5.03.2016

Outing

I emailed Deborah at work: Let's not do OTF tonight, unless you already signed up. Let's just chill and talk instead.

OTF is Orange Theory Fitness, a health club she belongs to, as do I for a few more days. I canceled my membership soon after getting it, when I realized it wasn't the right kind of workout for me and I am just riding out the membership period I already paid for (the arm and leg that OTF exacted from me made working out challenging).

She replied back a couple minutes later: Sounds good.

I had just returned home after a day of book writing, punctuated by short periods of Uber driving. It was 4:30 and Deborah wouldn't get home from her day job for another hour yet. So I cooked up a couple turkey burgers and steamed some broccoli for a late lunch, since I hadn't eaten since breakfast, and filled the rest of the time eating it while mindlessly surfing channels on TV.

When the garage door opened, signaling Deborah's arrival, the dogs went berserk with glee, something they do with far less enthusiam when I come home.

"Hey, baby!" I greeted her as she came into the dining room adjacent to the kitchen.

"Hi, honey," she replied.

"Puke," I joked at our sickly sweet salutations. "So...I had a thought."

"What?" she enquired, removing her purse and lunch bag from her shoulder and putting them on the table.

"What do you think about biking somewhere nearby for date night and we call chill and talk?"

She pondered for a moment. "We could do that," she said. "I need to change."

"Why?" I asked.

"Because I can't bike in these clothes."

"OK. While you are doing that, I will go tune up your bike."

"Where do you want to go?" she asked.

"Is Stamm House open today?"

"No. Not on Mondays," she replied. "Monk's?"

"Yeah!" I exclaimed. We had gone to Monk's Pub for brunch the prior Saturday to celebrate her son Devon's birthday, and quite enjoyed it. It wasn't far by bike.

I threw the dogs out in the backyard and went to the garage to assess the condition of Deborah's bike while she went upstairs to get ready. Her bike was in great condition for not having been used all winter. Even the tires were almost fully inflated. I topped them off with the bike pump and went back into the house to get ready myself.

"Do you think I will be warm enough in this?" Deborah asked. She was wearing a white hoodie.

"I think so," I replied. "If you wear some bike gloves."

"How will that help?" she asked.

"Because you lose a lot of heat through your hands when you bike," I answered.

We could only find one of her bike gloves in the garage after a fair amount of searching, so she wore one of mine on her right hand, albeit much too large.

We rode south a few blocks down Park Street and jumped on the Pheasant Branch bike trail behind the Kromrey Middle School, heading west along the paved and winding path. That took us all the way to Deming Way by Costco and we cut across the grass median into the parking lot by Monk's.

"It's not as busy as Saturday," I commented as we entered the pub.

"Well, it's a Monday," Deborah said. "It's bound to be busier on Saturdays."

"Hi!" the hostess greeted us. "Just the two of you?"

"Yep," I replied.

"Would you prefer a booth or a table?"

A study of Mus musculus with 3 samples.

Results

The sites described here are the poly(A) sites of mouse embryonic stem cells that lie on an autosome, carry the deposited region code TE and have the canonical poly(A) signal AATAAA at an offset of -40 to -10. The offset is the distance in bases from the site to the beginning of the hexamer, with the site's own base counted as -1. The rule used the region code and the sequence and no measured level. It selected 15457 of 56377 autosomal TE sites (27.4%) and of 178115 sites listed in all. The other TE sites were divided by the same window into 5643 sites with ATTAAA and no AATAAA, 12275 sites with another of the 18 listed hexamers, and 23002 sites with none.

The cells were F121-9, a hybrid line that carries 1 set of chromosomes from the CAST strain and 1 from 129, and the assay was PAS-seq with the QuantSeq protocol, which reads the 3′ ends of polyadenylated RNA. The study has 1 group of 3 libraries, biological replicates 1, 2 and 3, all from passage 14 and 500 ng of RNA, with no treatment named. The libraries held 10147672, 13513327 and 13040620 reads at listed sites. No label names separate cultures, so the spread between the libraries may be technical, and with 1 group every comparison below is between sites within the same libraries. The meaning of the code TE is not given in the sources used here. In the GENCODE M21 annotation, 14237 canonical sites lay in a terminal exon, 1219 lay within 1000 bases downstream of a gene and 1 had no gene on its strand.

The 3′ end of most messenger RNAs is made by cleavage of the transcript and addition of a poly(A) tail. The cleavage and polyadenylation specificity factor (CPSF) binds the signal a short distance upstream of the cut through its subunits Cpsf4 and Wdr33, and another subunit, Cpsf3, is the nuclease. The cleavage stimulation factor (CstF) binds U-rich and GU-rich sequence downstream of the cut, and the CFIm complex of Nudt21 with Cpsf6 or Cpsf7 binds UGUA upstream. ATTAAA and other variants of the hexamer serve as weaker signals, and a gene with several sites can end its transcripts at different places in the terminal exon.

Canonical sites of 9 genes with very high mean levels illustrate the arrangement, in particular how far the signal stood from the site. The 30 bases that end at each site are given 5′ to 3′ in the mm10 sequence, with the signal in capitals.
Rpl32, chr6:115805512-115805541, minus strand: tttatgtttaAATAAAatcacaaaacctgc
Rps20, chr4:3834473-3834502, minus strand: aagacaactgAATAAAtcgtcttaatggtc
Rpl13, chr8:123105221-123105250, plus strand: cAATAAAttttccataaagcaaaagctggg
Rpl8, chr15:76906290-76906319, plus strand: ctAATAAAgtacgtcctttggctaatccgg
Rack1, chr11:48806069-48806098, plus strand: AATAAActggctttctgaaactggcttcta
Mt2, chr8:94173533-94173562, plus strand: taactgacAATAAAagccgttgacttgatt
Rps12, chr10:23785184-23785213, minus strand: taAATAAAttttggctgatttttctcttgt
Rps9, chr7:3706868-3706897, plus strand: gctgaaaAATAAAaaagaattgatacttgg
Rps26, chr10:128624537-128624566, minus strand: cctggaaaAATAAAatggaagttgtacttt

"Booth," I answered, looking at Deborah to see if there were any objection, and finding none we followed the hostess to our table.

A few seconds later, a waitress arrived and welcomed us warmly.

"Can I start you off with something to drink?" she inquired.

"Do you have diet Sierra Mist?" Deborah asked.

"We do," the waitress confirmed. "One of those?"

Deborah nodded.

"And for you, sir?" the waittress asked, turning to me.

I wanted a beer but had not yet looked at the drink menu.

"Why don't you get her soda while I look at the beer menu and I will decide when you come back?"

"Perfect," the waitress said and left. I picked up the beer menu and perused it until she returned with Deborah's soda.

"Did you decide?" the waitress asked.

"Yeah," I said. "I think I'll do the Monk's Amber house beer."

"16 or 22 ounce?"

"Let's do the 22 ouncer, what the heck," I said.

"You got it," she said.

"Do you know what you want?" Deborah asked me. I nodded and she said to the waitress, "I think we're ready to order."

"Sure. What can I get you?"

Deborah ordered a salad, as she healthily usually does. I got the grande burrito, because it had looked good when Devon ordered it the prior Saturday.

"That's a lot of food," Deborah commented on my order after the waitress left to put it in. "A lot of cheese."

"I'll scrape the cheese off," I lied.

The food and my beer were served up in short order. The burrito came with fries. The other options the waitress had offered up as sides were pub chips or tater tots. In retrospect, I probably should have asked if steamed vegetables were available as a side, even if they cost extra. In any case, the food was good.

Deborah and I talked about our plans for the week.

"We should book the flight to Ohio tonight," I said.

"I thought you said it is better to book on Tuesday," Deborah aptly noted. I had heard on some travel show or another that the airlines put out their travel deals on Monday nights, so ticket prices sometimes dipped on Tuesday.

"That's true," I said. "Well, tomorrow is going to be pretty busy, so I don't know when we'll have time. I guess I can look in the morning and see if the tickets are cheaper, then book them if they are."

It was my turn to spring for date night. I polished off my beer and we left.

"It's cold," Deborah shivered as we stepped back outside.

"Only because you drank all that cold soda," I noted.

We took a shortcut home through the neighborhood and rounded out the rest of the evening watching TV before going to sleep.